Iris, the flower of Florence

The morning air is full of scents, and the pollen is dancing through it.

I rub my eyes and start sneezing. Good to see that my allergy has arrived right on time. We meet up with our friends in the town square, a happy mix of young and old(er). The usual stragglers eventually arrive, and then we’re off on our route, which starts with a climbing dirt track that has been around since the time of the Etruscans. Our destination isn’t far: it’s a large, sunny clearing at the foot of a small Romanesque church, whose crooked belltower is the tallest thing in the surrounding landscape. The day is starting to thrum with life. The morning dew coats the fields.

This is our first outing of the season. Only by bicycle can we reach the pratone” (large meadow), so called on account of its breadth. Everyone has their own thing to take care of: some have hampers mounted on the front of their bicycles, while the little ones have stabilizers attached to the back. We adults are weighed down by the tasty morsels that we’re looking forward to, once we’ve conquered our climb. We prepared it all the day before, and pride of place goes to two types of pecorino with green beans. In the last, exhausting stretch of the route, as we scrabble up towards the church, the road turns into something more like a white, dusty scrawl in the land.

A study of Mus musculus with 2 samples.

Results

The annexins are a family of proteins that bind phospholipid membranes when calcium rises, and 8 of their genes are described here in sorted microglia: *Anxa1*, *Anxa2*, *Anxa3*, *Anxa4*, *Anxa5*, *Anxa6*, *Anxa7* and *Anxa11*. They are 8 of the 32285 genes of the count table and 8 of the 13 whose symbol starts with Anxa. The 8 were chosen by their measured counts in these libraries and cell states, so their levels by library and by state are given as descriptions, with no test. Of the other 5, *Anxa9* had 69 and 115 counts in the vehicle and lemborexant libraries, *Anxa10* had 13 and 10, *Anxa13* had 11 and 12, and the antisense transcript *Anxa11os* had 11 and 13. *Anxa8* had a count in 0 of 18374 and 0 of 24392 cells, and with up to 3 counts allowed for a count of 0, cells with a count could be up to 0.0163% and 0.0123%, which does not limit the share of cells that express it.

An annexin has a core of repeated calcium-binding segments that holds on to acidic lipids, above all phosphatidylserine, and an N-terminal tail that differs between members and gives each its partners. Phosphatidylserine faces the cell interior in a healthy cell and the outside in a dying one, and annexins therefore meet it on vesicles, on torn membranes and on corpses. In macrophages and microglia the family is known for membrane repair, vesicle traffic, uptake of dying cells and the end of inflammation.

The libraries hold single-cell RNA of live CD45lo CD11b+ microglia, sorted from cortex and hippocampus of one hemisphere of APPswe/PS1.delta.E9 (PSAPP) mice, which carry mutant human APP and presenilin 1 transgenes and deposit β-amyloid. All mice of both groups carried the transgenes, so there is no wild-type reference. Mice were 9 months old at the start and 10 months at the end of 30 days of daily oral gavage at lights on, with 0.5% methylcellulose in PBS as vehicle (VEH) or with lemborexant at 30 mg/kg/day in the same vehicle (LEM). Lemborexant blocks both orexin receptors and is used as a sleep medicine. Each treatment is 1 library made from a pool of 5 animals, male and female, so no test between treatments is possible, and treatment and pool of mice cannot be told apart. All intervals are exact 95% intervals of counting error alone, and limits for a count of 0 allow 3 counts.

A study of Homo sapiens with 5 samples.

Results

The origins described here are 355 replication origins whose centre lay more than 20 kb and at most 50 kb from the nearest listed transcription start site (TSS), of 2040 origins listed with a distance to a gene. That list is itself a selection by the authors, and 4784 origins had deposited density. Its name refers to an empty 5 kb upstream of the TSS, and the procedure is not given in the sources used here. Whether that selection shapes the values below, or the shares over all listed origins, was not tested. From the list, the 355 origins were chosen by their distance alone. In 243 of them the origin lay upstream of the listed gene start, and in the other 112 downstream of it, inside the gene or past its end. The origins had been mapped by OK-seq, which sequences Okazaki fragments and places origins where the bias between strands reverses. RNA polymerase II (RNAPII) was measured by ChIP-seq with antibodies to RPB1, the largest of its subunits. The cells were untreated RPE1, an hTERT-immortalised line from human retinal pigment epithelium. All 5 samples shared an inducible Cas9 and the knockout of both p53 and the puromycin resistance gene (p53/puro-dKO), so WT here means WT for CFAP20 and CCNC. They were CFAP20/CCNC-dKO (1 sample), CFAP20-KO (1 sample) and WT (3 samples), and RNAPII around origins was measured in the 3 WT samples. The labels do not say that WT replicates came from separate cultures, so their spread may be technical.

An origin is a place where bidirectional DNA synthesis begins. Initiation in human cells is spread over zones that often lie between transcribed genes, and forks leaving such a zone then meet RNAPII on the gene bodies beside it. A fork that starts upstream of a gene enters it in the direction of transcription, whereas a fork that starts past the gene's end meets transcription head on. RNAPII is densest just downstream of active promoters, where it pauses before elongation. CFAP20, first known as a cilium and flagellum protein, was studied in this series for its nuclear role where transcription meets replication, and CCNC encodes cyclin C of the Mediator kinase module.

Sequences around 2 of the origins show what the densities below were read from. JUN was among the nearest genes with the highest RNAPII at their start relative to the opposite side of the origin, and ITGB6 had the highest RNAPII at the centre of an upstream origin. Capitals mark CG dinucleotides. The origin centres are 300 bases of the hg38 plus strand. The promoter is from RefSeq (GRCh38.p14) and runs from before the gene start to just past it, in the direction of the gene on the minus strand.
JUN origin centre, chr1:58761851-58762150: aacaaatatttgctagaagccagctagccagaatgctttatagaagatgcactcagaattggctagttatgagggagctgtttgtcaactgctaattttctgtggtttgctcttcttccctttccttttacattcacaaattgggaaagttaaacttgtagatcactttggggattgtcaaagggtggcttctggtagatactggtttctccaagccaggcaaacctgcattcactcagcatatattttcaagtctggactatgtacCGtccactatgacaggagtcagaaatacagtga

We are passing between two dry stone walls, at the foot of which the irises are already in full bloom. In fact, the stems are almost buckling beneath the weight of the flowers. “The flower of Caterina de’ Medici!” cry the precocious children, “the symbol of Florence!” Oh, we’ve brought them up well.

The Pratone greets us with a palette of colors. We’re bathed in sweat, but it was worth it. The hills are mantled in all different shades: the green of young wheat, the yellow of rapeseed, the red of poppies and the flowers of clover. The spring light touches everything but in the gentlest way; it’s not dazzling. The air is full of new life. The boys, their cheeks ruddy from the cycleride, are typically rowdy; the girls, meanwhile, sit calm and quiet in a circle, sketching with colored pastels.

The big old bells in the belltower ring once, which is enough to deafen us. It’s one o’clock: we can eat now! I’ve been entrusted with the dispensation of wine, so I uncork the first bottle and pour it all round. Water we can get from the fountain that stands next to the church. We slice up the pecorino and a nice big loaf of Tuscan bread, which we fill either with salamis or frittata. Fennel and lesser calamint lend a nice touch. Lunch shades into afternoon tea, afternoon tea into dinner. Most of us throw ourselves into the games, men against women; but others prefer to lay out the rugs, fold jumpers into pillows and have a nap. It’s a warm afternoon but not a torrid one, and after a long winter at home, it’s the perfect day to lift the spirits.

The day slides by in a flurry of jokes, games, eating and drinking. It’s almost dark when we see the first fireflies light up, and that’s when we know that it’s time to get on our bikes and head back downhill.